Strengthening the Business Case for Women’s Economic Empowerment
21 October 2014
Anne McPhersonVice President, Global Communications [email protected]
In recent years, there has been growing private sector interest and investment in women’s economic empowerment programs due to increased awareness that doing so potentially yields high social and economic returns for everyone.
Commissioned by the Oak Foundation, the International Center for Research on Women and Dalberg Global Development Advisors (Dalberg) set out to create a better understanding of corporate-funded women’s economic empowerment programs – what works and what does not – and make the case for how such programs can increase benefits for both women and for the companies.
Researchers looked at corporate-funded programs aimed to expand women’s employment opportunities, training and access to finance and found they need to do more to reduce barriers hindering women’s ability to advance themselves economically.
The new report presents the study’s findings and includes a groundbreaking integrated framework that the private sector can adopt to increase return on investment and enhance women’s economic advancement. The integrated approach is based on a human rights framework that focuses on broader conditions necessary for women to succeed—including good health, safety, freedom of movement – as well as training, financial support and employment opportunities. This approach addresses the underlying human rights violations that prevent women from realizing their full potential.
The paper presents eight ‘building blocks’ identified as universal requirements for improving women’s economic empowerment programs. The eight building blocks include:
- Access to equitable and safe employment
- Education and training
- Access to and control over economic resources and opportunities
- Voice in society and policy influence
- Freedom from the risk of violence
- Freedom of movement
- Accesses to and control over reproductive health and family formation; and
- Social protection and childcare
Companies have the ability to ensure that women advance economically not only due to their financial resources, but by also adopting this integrated approach, they can create real impact through people, investments, brand, purchasing power and partnerships. Doing so increases growth as well as improving the lives of women.
“Implementing this integrated human-rights based approach can truly advance women’s economic empowerment by addressing underlying barriers that prevent them from reaching their potential as true economic agents,” explained ICRW’s Katherine Fritz, Global Health Director and co-author of the report.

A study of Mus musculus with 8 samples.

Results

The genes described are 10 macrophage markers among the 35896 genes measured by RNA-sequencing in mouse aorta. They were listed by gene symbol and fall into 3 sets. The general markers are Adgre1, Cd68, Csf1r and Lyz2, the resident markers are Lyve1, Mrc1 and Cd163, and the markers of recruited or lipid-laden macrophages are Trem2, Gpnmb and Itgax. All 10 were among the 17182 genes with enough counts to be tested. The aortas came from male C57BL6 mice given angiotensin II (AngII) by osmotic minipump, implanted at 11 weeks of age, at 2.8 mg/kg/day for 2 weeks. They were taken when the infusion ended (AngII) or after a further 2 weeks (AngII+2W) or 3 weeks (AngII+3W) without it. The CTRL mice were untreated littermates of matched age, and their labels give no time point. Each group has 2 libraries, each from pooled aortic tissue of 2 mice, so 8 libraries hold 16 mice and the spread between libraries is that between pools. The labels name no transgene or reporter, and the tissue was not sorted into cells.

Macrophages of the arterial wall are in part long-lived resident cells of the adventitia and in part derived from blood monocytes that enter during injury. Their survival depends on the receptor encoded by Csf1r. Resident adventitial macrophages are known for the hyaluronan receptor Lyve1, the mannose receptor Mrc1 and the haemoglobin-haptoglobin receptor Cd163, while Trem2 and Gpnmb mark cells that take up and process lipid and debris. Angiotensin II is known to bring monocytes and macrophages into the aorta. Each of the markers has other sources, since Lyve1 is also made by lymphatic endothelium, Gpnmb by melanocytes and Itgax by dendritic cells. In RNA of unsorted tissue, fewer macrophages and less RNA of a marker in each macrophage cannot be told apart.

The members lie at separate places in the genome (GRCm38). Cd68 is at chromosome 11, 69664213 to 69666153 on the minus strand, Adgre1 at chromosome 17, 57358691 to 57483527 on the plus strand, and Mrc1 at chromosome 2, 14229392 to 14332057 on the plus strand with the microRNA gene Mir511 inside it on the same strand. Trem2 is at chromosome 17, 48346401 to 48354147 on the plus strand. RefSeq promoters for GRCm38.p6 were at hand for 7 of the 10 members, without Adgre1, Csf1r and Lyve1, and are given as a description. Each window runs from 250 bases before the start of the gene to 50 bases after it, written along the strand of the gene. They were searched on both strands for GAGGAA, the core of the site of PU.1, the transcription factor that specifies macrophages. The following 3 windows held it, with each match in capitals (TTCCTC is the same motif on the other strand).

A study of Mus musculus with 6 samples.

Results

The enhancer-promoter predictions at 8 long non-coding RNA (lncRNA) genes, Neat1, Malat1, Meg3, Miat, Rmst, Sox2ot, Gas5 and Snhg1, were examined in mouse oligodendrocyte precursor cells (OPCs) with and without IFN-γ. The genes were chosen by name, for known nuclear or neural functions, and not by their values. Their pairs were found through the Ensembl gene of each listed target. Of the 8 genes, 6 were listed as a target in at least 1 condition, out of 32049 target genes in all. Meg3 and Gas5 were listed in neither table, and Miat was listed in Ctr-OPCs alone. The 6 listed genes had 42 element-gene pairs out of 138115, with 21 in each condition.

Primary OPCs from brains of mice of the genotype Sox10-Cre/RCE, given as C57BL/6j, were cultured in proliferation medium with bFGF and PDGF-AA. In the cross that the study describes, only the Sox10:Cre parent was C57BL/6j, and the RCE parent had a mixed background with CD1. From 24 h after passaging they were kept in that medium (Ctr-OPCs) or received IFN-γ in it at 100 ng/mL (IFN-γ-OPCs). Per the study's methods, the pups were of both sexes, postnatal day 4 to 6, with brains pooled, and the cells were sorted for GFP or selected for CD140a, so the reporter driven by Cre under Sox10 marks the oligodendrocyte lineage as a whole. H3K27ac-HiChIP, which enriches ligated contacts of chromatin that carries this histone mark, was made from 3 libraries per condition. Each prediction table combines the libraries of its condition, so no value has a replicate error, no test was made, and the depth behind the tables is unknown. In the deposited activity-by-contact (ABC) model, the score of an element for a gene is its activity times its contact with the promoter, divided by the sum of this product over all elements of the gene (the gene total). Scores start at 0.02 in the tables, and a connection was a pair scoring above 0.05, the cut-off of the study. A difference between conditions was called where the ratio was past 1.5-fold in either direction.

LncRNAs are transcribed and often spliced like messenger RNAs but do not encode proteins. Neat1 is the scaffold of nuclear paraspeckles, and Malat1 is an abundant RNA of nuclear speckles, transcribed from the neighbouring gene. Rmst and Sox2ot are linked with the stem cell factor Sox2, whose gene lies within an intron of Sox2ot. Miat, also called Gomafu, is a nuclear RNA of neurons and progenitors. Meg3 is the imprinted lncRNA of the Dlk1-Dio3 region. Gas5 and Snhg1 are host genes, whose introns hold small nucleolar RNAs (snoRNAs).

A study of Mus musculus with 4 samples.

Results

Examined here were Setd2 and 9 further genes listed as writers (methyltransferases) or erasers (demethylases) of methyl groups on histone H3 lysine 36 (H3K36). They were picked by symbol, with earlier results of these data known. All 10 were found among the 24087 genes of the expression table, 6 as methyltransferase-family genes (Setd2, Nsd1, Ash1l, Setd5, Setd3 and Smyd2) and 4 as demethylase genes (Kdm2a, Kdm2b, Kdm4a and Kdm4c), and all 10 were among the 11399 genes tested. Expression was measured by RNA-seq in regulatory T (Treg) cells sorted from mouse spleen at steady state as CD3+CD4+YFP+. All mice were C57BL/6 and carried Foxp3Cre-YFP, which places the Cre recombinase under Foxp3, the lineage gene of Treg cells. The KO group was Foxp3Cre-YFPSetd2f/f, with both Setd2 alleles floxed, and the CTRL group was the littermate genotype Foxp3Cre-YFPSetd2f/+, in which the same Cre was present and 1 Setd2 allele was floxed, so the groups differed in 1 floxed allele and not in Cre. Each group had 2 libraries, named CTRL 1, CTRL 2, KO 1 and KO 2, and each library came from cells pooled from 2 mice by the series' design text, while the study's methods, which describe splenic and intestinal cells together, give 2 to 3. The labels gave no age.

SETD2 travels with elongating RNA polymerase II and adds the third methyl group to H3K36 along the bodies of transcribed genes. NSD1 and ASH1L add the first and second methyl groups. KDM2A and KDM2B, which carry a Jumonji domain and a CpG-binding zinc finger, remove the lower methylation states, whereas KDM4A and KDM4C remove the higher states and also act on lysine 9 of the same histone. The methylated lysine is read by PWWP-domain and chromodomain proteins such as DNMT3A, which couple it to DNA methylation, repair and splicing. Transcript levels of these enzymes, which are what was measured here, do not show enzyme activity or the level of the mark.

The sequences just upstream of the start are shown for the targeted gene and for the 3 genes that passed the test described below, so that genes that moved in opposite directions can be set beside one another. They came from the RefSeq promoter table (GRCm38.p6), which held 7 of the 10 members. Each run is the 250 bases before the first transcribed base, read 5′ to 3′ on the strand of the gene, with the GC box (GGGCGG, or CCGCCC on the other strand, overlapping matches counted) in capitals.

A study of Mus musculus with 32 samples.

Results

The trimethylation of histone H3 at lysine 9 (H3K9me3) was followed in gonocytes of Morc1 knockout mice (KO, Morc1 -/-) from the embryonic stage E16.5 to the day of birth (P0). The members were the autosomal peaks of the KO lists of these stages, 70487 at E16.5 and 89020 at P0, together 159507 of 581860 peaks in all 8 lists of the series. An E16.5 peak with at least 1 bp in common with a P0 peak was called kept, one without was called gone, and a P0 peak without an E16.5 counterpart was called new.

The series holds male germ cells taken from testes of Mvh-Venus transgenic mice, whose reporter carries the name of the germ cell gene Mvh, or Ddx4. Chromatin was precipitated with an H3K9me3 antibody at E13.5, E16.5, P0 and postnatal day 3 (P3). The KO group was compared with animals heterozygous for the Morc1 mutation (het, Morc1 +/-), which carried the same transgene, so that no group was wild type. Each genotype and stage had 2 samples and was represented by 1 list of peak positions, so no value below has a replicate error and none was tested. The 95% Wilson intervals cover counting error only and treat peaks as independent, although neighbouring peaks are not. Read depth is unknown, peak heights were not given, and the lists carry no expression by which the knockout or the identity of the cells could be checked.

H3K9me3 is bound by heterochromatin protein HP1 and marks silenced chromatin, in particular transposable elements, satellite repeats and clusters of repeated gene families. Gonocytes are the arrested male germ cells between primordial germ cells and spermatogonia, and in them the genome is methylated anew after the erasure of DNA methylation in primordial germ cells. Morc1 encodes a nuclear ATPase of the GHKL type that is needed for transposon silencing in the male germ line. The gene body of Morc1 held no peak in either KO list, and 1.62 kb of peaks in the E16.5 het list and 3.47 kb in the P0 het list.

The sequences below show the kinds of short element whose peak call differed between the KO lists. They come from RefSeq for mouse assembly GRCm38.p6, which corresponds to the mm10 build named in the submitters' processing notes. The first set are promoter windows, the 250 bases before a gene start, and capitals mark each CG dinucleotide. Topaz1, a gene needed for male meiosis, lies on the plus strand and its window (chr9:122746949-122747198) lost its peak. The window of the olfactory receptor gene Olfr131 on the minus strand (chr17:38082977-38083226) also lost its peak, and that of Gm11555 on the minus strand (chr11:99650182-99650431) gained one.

The report also examines program evaluations of three initiatives working to empower women: the Nike Foundations’ Toward Economic and Sexual/Reproductive Health Outcomes for Adolescent Girls (TESFA); Gap Inc.’s Personal Advancement, Career Enhancement (P.A.C.E.); and Goldman Sachs’ 10,000 Women initiative. While all three programs achieved very positive results in improving the lives of women and girls, the study reveals that there is not enough evidence on the impact of corporate-funded programs.
“Collecting more and better data is critical in designing effective programs that bring about real and long lasting progress for both women and businesses,” Fritz explained.
A set of recommendations are laid out in the paper for ways in which women’s rights advocates can support business in adopting an integrated approach. Some of which include informing key stakeholders of the business value of an integrated approach using messaging tailored to specific companies and corporate foundations; convening philanthropists, funders and practitioners to bring together advisors and partners from different sectors to collaborate for stronger programs; and supporting corporate-funded programs to effectively adopt an integrated approach to their programs.
“Companies are in a unique position where they have the ability to create extraordinary change for women while also driving growth, not only due to their financial resources but by also leveraging change through their brand and investments. Business leaders want to improve the impact of their programs. By building a bridge between corporations, philanthropists, and practitioners, together we can design effective programs that deliver real and long-lasting results for both women and business,” said Fritz.